Pro-Reliability Solutions – www.pro-reliabilitysolutions.com
The terminology which different organisations use when it comes to discussing Maintenance and Reliability Strategies varies and is often dependent on an individuals’ own perception.
When you look at the definitions of the words, the meanings are very similar and hence why different terminology is currently in use. Factory A refers to the strategy as a plan, Factory B calls the policy the strategy and so the confusion begins.
Policy: a course or principle of action adopted or proposed by an organisation or individual.
Strategy: a plan of action designed to achieve a long-term or overall aim.
Plan: a detailed proposal for doing or achieving something
Instruction: detailed information about how something should be done or operated
Whichever terminology and approach are used, our recommendation would be to standardise, document and then communicate the wording. Everyone needs to talk the same language to avoid confusion and miscommunications.
A company’s ‘Maintenance and Reliability Policy’ is the first step towards alignment, accountability, optimised processes, and proving the value of the maintenance and reliability effort. Using a ‘Maintenance and Reliability Policy’ as a guide gives an organisation the opportunity for implementing their vision and philosophy for maintenance and reliability excellence.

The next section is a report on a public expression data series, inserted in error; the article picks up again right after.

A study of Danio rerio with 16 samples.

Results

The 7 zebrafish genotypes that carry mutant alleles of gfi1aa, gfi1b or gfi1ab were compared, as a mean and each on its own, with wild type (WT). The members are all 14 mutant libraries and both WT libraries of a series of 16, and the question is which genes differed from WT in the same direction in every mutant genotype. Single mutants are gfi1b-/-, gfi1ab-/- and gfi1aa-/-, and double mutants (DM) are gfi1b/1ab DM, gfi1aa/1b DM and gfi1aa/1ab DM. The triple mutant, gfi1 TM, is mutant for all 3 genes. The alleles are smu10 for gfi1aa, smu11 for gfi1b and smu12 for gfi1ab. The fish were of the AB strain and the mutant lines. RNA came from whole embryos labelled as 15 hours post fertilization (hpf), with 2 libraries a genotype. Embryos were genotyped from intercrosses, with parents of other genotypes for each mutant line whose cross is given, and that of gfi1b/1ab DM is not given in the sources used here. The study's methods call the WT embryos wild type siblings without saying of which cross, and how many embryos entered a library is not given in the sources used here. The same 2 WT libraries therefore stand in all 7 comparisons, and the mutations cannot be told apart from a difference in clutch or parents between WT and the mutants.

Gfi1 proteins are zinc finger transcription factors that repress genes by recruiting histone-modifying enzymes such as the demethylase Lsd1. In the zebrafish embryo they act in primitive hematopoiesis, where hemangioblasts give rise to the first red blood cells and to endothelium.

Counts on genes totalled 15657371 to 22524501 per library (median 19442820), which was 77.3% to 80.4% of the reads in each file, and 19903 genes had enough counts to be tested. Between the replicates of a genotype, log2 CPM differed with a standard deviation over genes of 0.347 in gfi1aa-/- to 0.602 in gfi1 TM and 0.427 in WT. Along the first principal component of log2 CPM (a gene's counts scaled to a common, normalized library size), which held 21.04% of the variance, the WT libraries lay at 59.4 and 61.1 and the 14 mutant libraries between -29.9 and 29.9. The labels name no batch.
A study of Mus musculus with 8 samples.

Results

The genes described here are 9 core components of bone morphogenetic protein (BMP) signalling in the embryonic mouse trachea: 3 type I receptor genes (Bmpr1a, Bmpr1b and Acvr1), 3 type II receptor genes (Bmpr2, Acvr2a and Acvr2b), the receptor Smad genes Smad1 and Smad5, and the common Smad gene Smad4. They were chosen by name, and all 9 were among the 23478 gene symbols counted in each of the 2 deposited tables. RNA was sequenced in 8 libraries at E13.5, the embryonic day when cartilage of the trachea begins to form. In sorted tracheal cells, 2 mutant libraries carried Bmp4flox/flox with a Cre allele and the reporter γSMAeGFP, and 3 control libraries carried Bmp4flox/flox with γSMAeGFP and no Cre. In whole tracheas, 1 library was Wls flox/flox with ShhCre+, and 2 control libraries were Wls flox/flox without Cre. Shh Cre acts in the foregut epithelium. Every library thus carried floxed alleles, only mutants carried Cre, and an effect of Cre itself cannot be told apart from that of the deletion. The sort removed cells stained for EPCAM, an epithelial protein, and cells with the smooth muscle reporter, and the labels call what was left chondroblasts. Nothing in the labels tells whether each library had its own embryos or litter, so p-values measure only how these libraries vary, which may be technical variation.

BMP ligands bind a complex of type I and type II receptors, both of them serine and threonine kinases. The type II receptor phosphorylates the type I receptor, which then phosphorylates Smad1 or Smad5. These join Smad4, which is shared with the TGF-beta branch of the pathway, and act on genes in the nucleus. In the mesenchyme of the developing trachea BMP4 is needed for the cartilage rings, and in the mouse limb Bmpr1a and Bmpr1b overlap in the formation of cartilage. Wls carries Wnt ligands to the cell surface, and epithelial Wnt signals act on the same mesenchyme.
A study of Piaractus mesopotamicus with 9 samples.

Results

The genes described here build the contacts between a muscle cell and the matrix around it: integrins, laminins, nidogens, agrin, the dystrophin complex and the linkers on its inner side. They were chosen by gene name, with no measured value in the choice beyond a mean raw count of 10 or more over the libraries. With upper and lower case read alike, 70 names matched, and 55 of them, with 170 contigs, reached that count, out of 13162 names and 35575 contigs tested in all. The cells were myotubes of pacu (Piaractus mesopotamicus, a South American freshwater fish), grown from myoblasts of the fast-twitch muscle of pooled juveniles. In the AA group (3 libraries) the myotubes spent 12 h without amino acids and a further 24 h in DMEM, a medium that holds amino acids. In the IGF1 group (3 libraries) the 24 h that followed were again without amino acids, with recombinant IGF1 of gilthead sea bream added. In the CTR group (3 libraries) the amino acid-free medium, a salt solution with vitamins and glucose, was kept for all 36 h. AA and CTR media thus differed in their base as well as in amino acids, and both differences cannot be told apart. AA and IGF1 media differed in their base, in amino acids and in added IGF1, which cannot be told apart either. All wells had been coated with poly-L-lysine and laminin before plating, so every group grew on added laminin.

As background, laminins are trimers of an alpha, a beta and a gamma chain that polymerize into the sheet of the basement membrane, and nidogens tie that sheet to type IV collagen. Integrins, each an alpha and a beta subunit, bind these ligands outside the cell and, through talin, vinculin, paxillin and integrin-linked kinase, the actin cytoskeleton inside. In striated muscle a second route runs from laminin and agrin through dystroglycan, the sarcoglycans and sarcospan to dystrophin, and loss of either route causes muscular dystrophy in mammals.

The policy will:
In the absence of a documented ‘Maintenance and Reliability Policy’ various de-facto policies develop such as:
A ‘Maintenance and Reliability Policy’ belongs to each site. The development of this must involve local management and gain commitment from all stakeholders.
The ‘Strategy’ documents the maintenance requirements which are needed to deliver the companies Maintenance and Reliability Policy. The strategy is normally developed using Reliability tools such as Reliability Centred Maintenance (RCM) and Failure Modes Effects and Criticality Analysis (FMECA). The strategy would be grouped into windows such as frequency, discipline, equipment, online or offline. The strategy will be responsible for delivering the planned maintenance activities and would be a combination of preventive and predictive techniques.
The ‘Plan’ delivers the strategy from within the Computerised Maintenance Management System (CMMS) to the shop floor and is managed by the maintenance planner and scheduled according to business operational requirements and is designed to minimise disruption and maximise plant availability.
The ‘Instructions’ sometimes known as ‘Work Instructions’ or ‘Job Methods’ are documents on how we deliver the strategy, these are the ‘how to’ instructions and would be populated within a standard company template and show headings such as:
Job methods and work instructions have been around for many years but are often not used with a heavy reliance being put on the maintenance teams to deliver the plan based on equipment knowledge and experience.
Well documented instructions would support an approach to precision maintenance and ensure standardisation of strategy delivery.
Do all jobs on the plan need a work instruction? Not necessarily, it would come down to the frequency of task, criticality of asset and complexity levels of the required job. There may also be some statutory requirements that requires documentation to be populated for evidence of completion and historical record keeping.
If you need support or would like to discuss the implementation of any of the Policy, Strategy, Plan, Instruction approaches. Then please do get in touch.